THIS STORY HAS BEEN FORMATTED FOR EASY PRINTING
H.D.S. Greenway

What is good enough in Afghanistan?

By H.D.S. Greenway
December 7, 2010


President Obama, who will soon conduct yet another Afghan review, once called it a war to “disrupt, dismantle and defeat’’ Al Qaeda. But with Al Qaeda to be found more in Pakistan, Yemen, and Somalia these days, and with terrorists to be found in the Connecticut suburbs, as in the case of the failed New York City car bombing, Obama told American troops last week that the purpose was not to allow Afghanistan “to become a safe haven for terrorists’’ again.

For George W. Bush, as Bob Woodward wrote, “it was all in, win at all costs.’’ But he let Afghanistan drift as he headed for Iraq. His adviser, Karl Rove, has complained that he doesn’t hear the word “win’’ any more. Yet David Petraeus, Bush’s favorite general and now Obama’s, has said there is no military solution to Afghanistan.

Is it necessary to defeat the Taliban? If so, why do Americans keep talking about “reintegration’’ and “reconciliation’’ with the Taliban?

Some say this is part of a long, generational war against Islamic extremism. Yet recent intelligence reports have described the Taliban as driven as much by wanting to control territory, mineral wealth, smuggling routes, and just plain money as they are by ideology.

The Taliban is increasingly wrapping itself in the nationalist flag, fighting a war to rid Afghanistan of foreigners and their puppets, as Afghans have always done against the British, Russians, and now us. A viceroy of India in 1867, John Lawrence, once said that the Afghan will put up with every deprivation, but “he will not tolerate foreign rule. The moment he has a chance he will rebel.’’

In countries in the region, some look at the Afghan war as a new “Great Game,’’ with India, Pakistan, Iran, Saudi Arabia, the United States, and its European allies all vying for control and influence in the heart of Central Asia. For them protecting the American homeland doesn’t enter into it.

Others say the war is all about ethnic rivalries, that by invading Afghanistan the United States simply took sides in a 20-year civil war backing a Northern Alliance coalition of Tajiks, Uzbecks, Hazaras, and other non-Pashtun minorities, against the Pashtuns, who make up the vast majority of the Taliban. A post-war assessment by the Soviets concluded that they had not sufficiently considered “the historic, religious, and national particularities of Afghanistan.’’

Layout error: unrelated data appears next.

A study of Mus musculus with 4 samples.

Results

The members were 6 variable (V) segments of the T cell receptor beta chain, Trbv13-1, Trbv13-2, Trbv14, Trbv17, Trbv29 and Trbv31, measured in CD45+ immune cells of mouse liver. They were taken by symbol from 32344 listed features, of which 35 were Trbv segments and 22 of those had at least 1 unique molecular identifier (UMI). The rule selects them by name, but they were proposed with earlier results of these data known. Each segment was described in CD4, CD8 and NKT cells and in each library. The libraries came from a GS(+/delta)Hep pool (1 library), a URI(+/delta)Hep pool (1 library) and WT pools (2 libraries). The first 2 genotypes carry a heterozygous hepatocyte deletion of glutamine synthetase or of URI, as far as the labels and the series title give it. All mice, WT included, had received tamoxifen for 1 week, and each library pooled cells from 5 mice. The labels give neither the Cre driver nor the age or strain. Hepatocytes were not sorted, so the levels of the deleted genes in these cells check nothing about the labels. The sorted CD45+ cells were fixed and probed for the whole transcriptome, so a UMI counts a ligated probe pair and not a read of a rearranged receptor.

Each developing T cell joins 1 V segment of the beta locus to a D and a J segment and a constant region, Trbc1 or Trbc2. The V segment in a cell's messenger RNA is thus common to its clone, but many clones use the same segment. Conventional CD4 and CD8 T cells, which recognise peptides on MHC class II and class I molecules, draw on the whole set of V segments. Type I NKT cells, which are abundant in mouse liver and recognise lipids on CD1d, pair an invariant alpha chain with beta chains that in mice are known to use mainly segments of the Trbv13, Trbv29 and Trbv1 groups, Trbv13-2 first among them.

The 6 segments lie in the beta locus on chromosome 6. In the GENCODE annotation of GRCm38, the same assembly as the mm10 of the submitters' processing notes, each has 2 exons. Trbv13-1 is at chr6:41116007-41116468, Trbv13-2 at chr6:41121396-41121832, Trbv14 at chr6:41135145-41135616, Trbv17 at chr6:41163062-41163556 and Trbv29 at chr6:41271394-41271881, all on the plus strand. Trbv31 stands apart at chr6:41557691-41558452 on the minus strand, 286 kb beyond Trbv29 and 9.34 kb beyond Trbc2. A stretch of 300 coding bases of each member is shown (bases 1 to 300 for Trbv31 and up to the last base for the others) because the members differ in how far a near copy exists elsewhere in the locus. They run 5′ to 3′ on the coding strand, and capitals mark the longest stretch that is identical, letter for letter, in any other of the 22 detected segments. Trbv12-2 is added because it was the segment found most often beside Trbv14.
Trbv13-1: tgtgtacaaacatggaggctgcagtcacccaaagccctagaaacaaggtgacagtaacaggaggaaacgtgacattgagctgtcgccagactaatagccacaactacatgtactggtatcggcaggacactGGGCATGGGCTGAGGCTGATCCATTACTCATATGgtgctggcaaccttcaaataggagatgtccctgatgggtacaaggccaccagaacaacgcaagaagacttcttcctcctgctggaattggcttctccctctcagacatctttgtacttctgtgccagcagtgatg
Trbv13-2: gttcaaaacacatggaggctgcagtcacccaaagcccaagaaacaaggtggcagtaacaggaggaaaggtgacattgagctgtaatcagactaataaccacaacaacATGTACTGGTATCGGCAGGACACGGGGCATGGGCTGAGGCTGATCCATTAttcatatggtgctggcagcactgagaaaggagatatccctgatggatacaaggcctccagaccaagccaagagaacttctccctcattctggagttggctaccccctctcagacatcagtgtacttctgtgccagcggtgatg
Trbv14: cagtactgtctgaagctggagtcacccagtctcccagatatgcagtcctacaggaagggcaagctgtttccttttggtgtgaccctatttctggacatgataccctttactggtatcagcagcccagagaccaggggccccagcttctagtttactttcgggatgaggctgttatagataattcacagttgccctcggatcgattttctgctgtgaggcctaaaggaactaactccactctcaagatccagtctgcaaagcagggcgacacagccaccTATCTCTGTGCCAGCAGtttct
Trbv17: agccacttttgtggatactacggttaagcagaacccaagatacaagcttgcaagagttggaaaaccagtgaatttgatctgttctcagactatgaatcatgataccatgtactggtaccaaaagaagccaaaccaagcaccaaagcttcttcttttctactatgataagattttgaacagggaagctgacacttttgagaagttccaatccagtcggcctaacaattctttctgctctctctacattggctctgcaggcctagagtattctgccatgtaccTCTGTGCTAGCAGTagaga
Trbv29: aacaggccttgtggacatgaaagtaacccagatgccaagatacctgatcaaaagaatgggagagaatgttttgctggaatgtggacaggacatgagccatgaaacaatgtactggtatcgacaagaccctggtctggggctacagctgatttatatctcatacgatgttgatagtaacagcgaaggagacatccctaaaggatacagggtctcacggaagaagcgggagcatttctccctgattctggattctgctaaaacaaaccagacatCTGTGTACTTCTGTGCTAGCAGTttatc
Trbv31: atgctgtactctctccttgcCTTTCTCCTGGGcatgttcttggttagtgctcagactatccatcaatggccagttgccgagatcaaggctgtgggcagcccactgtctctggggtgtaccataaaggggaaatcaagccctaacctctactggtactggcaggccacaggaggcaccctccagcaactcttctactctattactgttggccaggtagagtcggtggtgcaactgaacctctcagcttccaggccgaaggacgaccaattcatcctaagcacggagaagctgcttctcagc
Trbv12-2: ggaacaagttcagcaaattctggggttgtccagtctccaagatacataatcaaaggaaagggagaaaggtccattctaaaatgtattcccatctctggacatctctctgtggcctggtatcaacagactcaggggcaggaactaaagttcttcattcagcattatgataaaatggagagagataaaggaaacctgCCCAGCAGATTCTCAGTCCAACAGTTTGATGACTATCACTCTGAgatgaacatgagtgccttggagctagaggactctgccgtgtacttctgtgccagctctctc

Still others say it is all about the tribes, that the Americans are failing because they never understood the importance of tribal affiliations. Petraeus has admitted to not having a “granular’’ feeling for tribal politics. According to Ahmed Rashid, a veteran journalist and Central Asian expert, a fatal flaw in the new Afghan National Army is that it lacks ethnic Pashtuns who traditionally made up the core of Afghanistan’s army, especially Ghilzai Pashtun tribes from the eastern Afghan provinces of Khost, Paktia, and Paktika.

General William Caldwell, who is in charge of training an Afghan army to take over from us, hopefully by 2014, recently confirmed to me that these regions along the border with Pakistan are under-represented in the army he is trying to build.

Others will say that this is a fight for Islamic law and Islamic values, which are under attack from the West, while those opposed to them say the fight is for freedom, women’s rights, civil liberties, and democracy.

The trouble is the Afghan war is about all these things, and more, and that’s what makes this war so confusing — “unique in American history,’’ in that the enemy is so fractured that we don’t have “a telephone number to call to end the war,’’ as a senior administration official told me.

So as our allies begin to slip away, are Americans fighting to “defeat the extremist insurgency,’’ as the White House commanded the military in 2009? Or do we fight for “Afghanistan good enough,’’ which you hear more and more around NATO headquarters in Kabul? If so, what is good enough?

H.D.S. Greenway’s column appears regularly in the Globe.